Urban Climate Zones 2000
Definition of Urban Climate Zones
The following indicators were included for the definition of various urban climatic zones:
- thermal changes, which allow the derivation of tendencies for overheating, nocturnal cooling, and the number of frost days; and
- moisture changes, which, together with temperature changes, allow the determination of excessive humidity.
In addition, the description of zones included:
- modification of near-ground wind conditions; this provides insight into possible interactions between different climatic areas, as well as reference points for potential endangerment from emissions.
The most obvious modifications of climate conditions in metropolitan areas are to be expected from temperature. This parameter seemed appropriate as the main criterion for dividing Berlin into urban climatic zones. Table 1 gives air temperatures at 16 climate stations from September through November 1999.
The quotient Q in Table 1 describes the average daily amplitude of average air temperature. This value is dependent upon the location of the climate stations in the urban area. Locations with high nocturnal cooling rates (such as the outer-city areas, or inner-city grassland areas) display a quotient Q of more than 85, while at stations in heavily built-up city center locations, the Q value is generally below 60. Regression analysis gives statistically significant proof for the connection between given quantities of mean annual or mean minimum temperatures and the target quantity Q. Q is thus a value well suited for the description of urban climate change.
Six climatic zones have been developed by means of the Q classification, analogous to the procedure chosen in the first edition of the Environmental Atlas (SenStadtUm 1985). A clearer overview was achieved by calculating the classification quanta for the temperature factors Mean Annual Temperature, Average Minimum Temperature and Average Daily Amplitude in the Q values, and including them in the climatic zone descriptions (see Table 2). Zone 0 describes areas unaffected by urban climate; Zones 1 through 4 show an increase in mean and average minimum air temperature and daily amplitude. The high degree of correlation between mean annual temperatures and the number of frost days (von Stülpnagel 1987) permits derivation of statements regarding the number of frost days in each zone.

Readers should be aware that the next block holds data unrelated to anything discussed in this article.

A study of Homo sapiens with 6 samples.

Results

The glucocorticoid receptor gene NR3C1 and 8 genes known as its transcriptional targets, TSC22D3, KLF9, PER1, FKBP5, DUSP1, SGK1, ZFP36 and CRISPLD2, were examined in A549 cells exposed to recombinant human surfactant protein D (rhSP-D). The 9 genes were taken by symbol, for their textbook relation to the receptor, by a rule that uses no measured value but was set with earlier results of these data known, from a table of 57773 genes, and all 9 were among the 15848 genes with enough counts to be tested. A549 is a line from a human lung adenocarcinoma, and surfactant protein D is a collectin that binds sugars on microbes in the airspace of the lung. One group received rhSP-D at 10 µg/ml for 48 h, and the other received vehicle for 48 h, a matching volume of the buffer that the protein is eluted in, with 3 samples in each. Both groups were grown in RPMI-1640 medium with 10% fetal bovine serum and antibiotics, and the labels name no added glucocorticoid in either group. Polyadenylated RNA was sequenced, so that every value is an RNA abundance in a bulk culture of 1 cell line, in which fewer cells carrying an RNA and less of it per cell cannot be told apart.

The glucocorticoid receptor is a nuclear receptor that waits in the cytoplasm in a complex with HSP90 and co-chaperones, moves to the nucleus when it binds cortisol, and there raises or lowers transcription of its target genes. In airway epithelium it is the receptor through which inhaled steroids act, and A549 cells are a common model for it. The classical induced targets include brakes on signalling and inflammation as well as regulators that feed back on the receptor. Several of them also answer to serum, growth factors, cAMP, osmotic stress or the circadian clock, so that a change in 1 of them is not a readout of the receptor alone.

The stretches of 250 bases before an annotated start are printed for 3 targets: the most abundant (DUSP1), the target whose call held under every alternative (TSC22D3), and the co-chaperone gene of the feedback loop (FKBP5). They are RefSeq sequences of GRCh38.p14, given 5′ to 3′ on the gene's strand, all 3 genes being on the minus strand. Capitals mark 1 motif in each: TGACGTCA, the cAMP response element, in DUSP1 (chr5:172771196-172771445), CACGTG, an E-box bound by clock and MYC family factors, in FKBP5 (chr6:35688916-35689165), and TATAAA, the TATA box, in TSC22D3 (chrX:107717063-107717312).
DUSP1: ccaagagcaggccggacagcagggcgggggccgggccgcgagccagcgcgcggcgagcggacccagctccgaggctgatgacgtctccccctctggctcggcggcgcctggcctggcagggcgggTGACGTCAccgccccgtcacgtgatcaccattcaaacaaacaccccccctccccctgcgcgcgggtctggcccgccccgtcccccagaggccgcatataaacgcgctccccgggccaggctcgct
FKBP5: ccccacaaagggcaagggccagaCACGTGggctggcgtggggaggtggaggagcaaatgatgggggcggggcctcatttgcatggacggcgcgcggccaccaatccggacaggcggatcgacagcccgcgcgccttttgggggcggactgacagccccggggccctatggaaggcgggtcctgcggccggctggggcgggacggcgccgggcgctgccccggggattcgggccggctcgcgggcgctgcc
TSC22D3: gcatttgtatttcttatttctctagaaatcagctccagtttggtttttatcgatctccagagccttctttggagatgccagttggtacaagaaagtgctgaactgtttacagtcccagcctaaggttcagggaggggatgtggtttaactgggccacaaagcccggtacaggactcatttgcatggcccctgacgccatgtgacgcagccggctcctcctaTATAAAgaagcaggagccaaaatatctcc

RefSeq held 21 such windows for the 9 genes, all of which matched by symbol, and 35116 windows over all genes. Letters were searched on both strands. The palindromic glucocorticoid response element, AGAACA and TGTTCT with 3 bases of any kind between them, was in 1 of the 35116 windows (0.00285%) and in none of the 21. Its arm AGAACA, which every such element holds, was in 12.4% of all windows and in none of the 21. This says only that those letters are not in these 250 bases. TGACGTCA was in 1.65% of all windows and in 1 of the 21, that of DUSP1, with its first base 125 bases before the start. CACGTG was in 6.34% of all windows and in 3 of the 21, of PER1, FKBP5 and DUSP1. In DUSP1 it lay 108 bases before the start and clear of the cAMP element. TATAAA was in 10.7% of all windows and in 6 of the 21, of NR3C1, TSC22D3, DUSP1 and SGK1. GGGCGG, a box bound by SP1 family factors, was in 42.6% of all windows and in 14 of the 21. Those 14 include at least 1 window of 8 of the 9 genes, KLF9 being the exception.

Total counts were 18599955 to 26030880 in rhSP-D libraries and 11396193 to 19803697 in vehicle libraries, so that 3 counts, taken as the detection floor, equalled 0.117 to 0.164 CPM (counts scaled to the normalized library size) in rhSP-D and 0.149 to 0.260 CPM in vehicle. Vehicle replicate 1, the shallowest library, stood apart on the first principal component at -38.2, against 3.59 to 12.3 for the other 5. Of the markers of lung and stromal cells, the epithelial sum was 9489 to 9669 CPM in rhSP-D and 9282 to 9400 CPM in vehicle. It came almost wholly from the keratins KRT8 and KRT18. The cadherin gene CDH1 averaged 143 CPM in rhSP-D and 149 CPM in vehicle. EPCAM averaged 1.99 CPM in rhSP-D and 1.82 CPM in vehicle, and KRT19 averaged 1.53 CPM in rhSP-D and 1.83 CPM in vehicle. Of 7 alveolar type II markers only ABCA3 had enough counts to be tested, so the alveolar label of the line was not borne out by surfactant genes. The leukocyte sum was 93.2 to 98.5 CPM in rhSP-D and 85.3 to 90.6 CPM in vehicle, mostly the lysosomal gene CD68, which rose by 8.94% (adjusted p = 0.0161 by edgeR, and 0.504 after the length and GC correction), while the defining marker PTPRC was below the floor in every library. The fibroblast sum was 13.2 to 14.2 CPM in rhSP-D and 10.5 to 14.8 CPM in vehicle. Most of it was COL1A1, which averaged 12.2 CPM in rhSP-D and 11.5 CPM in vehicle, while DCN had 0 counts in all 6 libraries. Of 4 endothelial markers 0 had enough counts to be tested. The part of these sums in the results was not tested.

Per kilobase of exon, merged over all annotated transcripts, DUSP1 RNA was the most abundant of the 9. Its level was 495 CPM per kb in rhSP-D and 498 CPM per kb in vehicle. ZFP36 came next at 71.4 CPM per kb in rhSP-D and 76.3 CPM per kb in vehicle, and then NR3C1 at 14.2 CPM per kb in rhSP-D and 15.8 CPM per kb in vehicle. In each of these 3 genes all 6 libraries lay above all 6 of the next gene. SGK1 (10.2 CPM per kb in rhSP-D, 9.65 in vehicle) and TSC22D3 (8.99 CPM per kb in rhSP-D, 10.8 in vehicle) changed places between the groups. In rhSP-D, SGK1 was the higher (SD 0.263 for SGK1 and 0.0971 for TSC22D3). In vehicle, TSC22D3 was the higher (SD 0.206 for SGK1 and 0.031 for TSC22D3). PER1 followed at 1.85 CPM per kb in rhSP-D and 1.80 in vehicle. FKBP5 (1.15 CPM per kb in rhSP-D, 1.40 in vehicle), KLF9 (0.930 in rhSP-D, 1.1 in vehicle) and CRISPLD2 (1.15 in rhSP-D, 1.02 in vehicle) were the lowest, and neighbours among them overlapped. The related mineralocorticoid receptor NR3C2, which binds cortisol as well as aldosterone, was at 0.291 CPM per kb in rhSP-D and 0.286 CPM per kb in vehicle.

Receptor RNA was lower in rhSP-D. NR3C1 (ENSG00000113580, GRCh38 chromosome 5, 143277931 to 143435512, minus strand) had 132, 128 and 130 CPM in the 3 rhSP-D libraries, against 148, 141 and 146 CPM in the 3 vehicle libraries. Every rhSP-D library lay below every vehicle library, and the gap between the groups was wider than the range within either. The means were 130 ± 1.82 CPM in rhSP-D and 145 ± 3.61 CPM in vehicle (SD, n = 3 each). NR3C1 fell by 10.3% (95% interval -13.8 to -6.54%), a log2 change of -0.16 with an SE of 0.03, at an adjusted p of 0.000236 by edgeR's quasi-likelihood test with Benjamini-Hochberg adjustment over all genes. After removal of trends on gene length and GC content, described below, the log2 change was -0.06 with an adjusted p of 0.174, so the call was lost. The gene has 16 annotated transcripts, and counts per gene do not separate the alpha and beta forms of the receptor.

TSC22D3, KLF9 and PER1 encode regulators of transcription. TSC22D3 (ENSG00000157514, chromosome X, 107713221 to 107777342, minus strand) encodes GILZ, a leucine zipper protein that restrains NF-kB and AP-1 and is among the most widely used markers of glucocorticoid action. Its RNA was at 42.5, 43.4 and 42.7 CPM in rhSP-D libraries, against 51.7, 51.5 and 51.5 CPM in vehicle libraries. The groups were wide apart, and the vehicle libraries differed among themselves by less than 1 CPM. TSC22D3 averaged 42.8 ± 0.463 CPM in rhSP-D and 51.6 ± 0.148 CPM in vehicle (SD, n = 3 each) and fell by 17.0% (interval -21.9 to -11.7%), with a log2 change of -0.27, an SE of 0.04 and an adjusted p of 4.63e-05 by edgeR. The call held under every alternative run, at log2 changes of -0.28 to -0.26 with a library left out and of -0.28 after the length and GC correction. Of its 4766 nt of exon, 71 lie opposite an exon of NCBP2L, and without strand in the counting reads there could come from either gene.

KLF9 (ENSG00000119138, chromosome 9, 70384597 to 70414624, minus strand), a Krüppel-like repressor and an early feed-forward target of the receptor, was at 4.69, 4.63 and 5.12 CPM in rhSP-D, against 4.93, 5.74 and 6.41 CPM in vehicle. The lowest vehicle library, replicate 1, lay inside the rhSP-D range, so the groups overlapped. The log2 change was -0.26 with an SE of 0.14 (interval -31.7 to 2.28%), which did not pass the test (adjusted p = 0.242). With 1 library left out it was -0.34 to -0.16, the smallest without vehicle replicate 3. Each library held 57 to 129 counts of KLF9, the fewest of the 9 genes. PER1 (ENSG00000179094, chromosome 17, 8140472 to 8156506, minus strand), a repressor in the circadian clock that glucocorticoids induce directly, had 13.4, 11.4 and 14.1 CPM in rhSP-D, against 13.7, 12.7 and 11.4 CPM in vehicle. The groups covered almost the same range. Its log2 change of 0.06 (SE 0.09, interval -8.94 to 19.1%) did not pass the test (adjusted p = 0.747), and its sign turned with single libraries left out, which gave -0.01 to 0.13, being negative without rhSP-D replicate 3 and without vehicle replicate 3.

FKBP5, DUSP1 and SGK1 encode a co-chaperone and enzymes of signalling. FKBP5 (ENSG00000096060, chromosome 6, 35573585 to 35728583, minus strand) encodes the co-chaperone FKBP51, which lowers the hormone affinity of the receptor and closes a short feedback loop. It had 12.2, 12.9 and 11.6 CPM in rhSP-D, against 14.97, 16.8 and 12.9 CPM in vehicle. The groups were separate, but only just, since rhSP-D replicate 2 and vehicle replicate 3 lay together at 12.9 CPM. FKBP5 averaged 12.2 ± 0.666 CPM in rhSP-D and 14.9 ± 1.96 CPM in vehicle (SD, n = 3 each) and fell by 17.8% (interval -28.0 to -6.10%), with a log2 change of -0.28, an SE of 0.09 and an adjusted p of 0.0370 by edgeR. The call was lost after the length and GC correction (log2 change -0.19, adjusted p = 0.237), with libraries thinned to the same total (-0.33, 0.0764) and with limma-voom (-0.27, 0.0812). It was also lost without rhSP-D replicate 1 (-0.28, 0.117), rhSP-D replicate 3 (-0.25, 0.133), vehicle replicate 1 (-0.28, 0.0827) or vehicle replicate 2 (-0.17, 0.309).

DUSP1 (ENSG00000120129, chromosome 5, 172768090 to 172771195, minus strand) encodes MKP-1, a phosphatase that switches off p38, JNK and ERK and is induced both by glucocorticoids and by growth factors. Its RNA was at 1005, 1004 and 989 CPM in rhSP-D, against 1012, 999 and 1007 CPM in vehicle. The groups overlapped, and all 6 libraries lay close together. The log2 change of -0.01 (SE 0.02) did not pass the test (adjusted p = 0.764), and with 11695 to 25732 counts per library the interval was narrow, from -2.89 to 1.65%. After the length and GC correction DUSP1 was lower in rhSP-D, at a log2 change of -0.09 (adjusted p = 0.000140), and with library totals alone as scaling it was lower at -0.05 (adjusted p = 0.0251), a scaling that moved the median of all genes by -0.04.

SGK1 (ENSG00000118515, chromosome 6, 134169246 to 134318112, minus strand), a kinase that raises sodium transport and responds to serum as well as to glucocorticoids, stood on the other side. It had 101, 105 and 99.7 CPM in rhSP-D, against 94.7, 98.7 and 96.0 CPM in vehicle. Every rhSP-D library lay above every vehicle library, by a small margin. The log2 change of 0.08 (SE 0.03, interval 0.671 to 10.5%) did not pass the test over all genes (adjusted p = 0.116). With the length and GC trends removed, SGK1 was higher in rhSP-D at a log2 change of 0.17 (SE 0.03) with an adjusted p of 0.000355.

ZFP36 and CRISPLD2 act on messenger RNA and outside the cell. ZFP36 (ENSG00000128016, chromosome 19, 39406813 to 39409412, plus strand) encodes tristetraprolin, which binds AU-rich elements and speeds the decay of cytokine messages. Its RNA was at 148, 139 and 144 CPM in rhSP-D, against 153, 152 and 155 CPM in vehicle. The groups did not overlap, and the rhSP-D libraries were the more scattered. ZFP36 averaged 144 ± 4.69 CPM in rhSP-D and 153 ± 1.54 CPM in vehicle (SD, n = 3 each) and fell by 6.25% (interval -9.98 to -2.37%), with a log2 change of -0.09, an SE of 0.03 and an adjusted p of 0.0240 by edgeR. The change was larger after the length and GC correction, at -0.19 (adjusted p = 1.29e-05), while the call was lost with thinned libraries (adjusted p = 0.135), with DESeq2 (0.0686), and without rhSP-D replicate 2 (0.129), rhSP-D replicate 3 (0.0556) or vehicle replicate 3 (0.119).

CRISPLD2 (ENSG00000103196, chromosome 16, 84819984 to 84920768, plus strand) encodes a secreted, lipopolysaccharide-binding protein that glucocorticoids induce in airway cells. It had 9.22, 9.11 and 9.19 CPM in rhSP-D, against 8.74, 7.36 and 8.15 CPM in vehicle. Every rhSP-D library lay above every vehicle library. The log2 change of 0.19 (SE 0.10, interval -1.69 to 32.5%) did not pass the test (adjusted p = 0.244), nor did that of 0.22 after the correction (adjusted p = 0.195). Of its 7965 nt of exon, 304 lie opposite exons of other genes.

Annual mean maximum and minimum temperatures from June 1991 through May 1992 were calculated for all measuring points on the individual monitoring routes (cf. Map 04.04.4). The West Berlin measurements were taken between 1981 and 1983, and were calculated for 1991-‘92 on the basis of data from long-term climate stations. Measurements for East Berlin and the surrounding countryside were taken in 1991 or 1992. Supplementary measurements: In 1999, a total of 12 measurement trips were conducted on three routes. This resulted in 1935 test points, which were measured four times each. At the same time, the wind measurement was taken at 80 test points. Three climate stations were established especially for the check-up period. Taking into account all the time periods, 162 measurement trips with 3735 test points along 37 measurement routes, and the data of 42 measurement stations were evaluated. The measurement points were assigned to climatic zones, and point values on surfaces were interpolated.
Negative Bio-climate Effects
The superimposition of climate zones onto the distribution of equivalent temperatures during low-exchange weather conditions in 1991 (cf. Map 04.04.3) enables a depiction of areas at risk of excessive humidity. Equivalent temperature is derived from air temperature and the latent warmth potentially available by condensation of the given water vapor. The risk of excessive humidity was calculated on the basis of low equivalent temperatures because the available measurements of temperature and water vapor content of the air were taken at night. Areas greatly at risk of excessive humidity were defined on the basis of these conditions to be in Zone 4 at equivalent temperatures exceeding 38 °C, and in zone 3 at equivalent temperatures exceeding 39 °C. A classification of minimal risk of excessive humidity was assigned at equivalent temperatures under 36 °C, regardless of the climate zone’s location. The matrix presented in Table 3 for risk of negative bio-climatic effects was derived by correlating the probability of risks of excessive humidity and the various nocturnal cooling values. The database was updated (2000). Additional surveys for this parameter can be found in the Map 04.09 Bioclimate -Day and Night.
Wind conditions proved capable of being described independent of urban climate zones. They may be classified according to use-specific factors (cf. Map 04.03). Only areas around high-rise developments and power plants are presented separately here. These areas can be assumed to have very high wind speeds and very turbulent wind conditions.